Police, fire, and insurance officials close ranks on arson-for-profit

They're the ones who buy insurance on old buildings and later burn them down. No one knows exactly how many of them there are or how much profit is made from the arson they practice, but estimates of annual property damage from arson in general range from $1 billion to $10 billion.

For years, for a variety of apparently logical reasons, cracking down on those who commit arson for profit has been a low priority for most law-enforcement agencies. Lines of jurisdiction between police and fire departments have never been clear. Other crimes have long been considered more serious. And arson cases, often lacking witnesses and hard evidence, have ben notoriously tough to prove. Nationally, the conviction rate in arson cases is less than 1 percent.

But there are increasing signs that awareness -- both of the seriousness of the problem and of the need to find more effective ways to curb it -- is growing:

* Insurance companies, long criticized for dragging their feet and for frequently raising premiums rather than resisting claims, have recently spawned a number of industrywide organizations aimed at better tracking of arson-for-profit cases.

* Many cities and states have set up arson task forces with police, fire, insurance, mayoral, and citizen representation for a more coordinated attack on the problem. Most experts in the field see this move as highly significant but complain that too often the membership in such groups is not broad enough and that, despite their value as a communicatin link, many go out of business after issuing one report or a set of recommendations.

* More Arson-for-profit cases are heading for court and leading to more convictions. Thanks partly to the vigorous efforts of the recently formed Coordinating Council on Arson for Profit and a local reward program for tips leading to the capture of arsonists, the number of arson- for-profit fires in 1980 dropped sharply in Chicago, and the conviction rate in Cook County arson cases taken to court reached an unusually high 63 percent.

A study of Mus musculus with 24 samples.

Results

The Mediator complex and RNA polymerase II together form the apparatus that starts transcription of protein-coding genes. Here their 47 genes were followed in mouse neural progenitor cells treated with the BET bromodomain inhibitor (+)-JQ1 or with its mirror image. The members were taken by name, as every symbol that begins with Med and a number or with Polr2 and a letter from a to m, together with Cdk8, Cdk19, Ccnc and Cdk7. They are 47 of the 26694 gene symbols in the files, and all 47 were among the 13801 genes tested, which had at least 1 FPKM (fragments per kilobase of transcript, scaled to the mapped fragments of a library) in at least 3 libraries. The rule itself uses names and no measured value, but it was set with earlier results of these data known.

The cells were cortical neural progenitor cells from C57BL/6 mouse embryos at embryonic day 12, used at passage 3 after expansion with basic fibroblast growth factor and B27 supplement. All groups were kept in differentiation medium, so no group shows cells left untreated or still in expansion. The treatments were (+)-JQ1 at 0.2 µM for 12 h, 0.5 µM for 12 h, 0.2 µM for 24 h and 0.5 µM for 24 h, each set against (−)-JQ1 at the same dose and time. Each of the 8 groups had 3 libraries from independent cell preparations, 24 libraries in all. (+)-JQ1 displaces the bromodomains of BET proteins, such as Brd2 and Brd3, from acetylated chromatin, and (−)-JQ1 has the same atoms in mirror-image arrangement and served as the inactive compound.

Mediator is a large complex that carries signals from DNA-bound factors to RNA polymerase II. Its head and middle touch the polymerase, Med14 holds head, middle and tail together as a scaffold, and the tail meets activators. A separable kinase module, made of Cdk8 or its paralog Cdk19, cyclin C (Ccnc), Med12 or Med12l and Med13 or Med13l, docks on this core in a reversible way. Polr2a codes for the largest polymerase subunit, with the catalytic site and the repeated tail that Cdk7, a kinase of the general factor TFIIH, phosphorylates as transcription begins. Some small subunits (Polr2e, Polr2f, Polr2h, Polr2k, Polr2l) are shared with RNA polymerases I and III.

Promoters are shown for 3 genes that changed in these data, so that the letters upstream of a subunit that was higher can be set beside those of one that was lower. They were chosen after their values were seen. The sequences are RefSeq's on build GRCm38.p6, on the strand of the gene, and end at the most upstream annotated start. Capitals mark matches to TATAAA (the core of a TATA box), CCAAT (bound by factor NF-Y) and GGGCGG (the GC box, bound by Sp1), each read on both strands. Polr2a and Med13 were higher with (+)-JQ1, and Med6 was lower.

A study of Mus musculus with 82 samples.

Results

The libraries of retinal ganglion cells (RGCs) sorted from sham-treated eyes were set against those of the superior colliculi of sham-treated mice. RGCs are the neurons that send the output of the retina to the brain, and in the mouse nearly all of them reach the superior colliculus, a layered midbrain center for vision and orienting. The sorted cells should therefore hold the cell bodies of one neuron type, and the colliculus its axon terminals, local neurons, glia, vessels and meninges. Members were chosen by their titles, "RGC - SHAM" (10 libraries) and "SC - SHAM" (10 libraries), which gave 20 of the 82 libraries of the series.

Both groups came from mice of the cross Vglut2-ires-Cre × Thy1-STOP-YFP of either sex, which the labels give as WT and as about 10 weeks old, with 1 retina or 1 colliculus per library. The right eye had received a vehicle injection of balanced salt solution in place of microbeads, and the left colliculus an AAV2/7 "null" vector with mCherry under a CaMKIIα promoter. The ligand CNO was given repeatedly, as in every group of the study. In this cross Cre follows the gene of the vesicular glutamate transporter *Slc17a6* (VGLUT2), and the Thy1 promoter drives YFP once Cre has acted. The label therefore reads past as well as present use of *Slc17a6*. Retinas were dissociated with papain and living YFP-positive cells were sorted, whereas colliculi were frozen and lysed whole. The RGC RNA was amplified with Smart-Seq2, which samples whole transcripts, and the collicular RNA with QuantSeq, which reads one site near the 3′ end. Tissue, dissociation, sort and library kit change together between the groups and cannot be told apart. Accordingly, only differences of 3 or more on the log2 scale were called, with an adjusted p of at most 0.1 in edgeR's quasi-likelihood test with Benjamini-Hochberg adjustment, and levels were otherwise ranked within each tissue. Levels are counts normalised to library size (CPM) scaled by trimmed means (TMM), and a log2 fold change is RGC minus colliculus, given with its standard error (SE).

In the eyes of some experts, the lack of reliable national data on arson for prodit remains a serious roadblock to effectively countering it. Many such fires are written off as "of undetermined origin," and fire departments and insurance companies keep such widely varying records that no national tally is considered trustworthy. To some extent, moving the crime's status up a notch on the federal level to a major crime or felony under the FBI crime reporting system -- as a bill sponsored by Sen John Glenn (D) of Ohio would do -- would help the statistics gathering.

Insurance companies bristle at criticism that they have been less than vigorous in the fight against arson for profit. They insist their hands have been tied by restrictive laws that require them to pay even suspicious claims promptly or be sued; insure even the most risky property; give long advance notice before canceling any insurance policy, and open themselves to possible prosecution for sharing information on suspicious fires with law-enforcement agencies. Accordingly, they are working for changes in these laws even as they try to attack the problem through new organizational efforts.

One relatively new industry activity widely regarded as promising is the Property Insurance Loss Register (PILR) in New Jersey. Through a computer file it can quickly cross-check property data to show any repeat patterns of loss.

The Alliance of American Insurer's Property Loss Research Bureau (PLRB) in Chicago also is helping by its new efforts to improve training for insurance adjusters. While not professional investigators, these are often the first company representatives on the scene, and their reports usually decide whether or not the company will probe the incident further.

Although sharply critical of the insurance industry for what he sees as paying "lip service," rather than action- based attention, to the problem, Dr. Charles Sisson of Battelle Memorial institute's Center for Arson Prevention Training and Analysis calls the PLRB training move the industry's "first real thrust forward that makes sense."

Still another industrywide effort to crack down on fraud in general, including arson for profit, is the Insurance Crime Prevention Institute (ICPI). It works as an industry liaison with law-enforcement agencies, supplying them with file material on suspicious claims.

While everyone agrees that legal restrictions do make the insurance industry's job in cracking down on arson for profit more difficult, some arson experts argue that insurers can and should do more to prevent such crimes in the first place.

A proposal that could strengthen the industry's prevention role is a requirement in the Glenn bill that private insurers, before issuing a FAIR (Fair Access to Insurance Requirements) plan policy, get an evaluation of the property and share this specific information (where appropriate) with law-enforcement agencies. The FAIR plan was launched after the urban riots of the 1960s as a federal backup to insuring property in risky areas. A General Accounting Office report of 1978 said the program was too quick to write insurance on buildings with a high risk and too quick to pay off claims.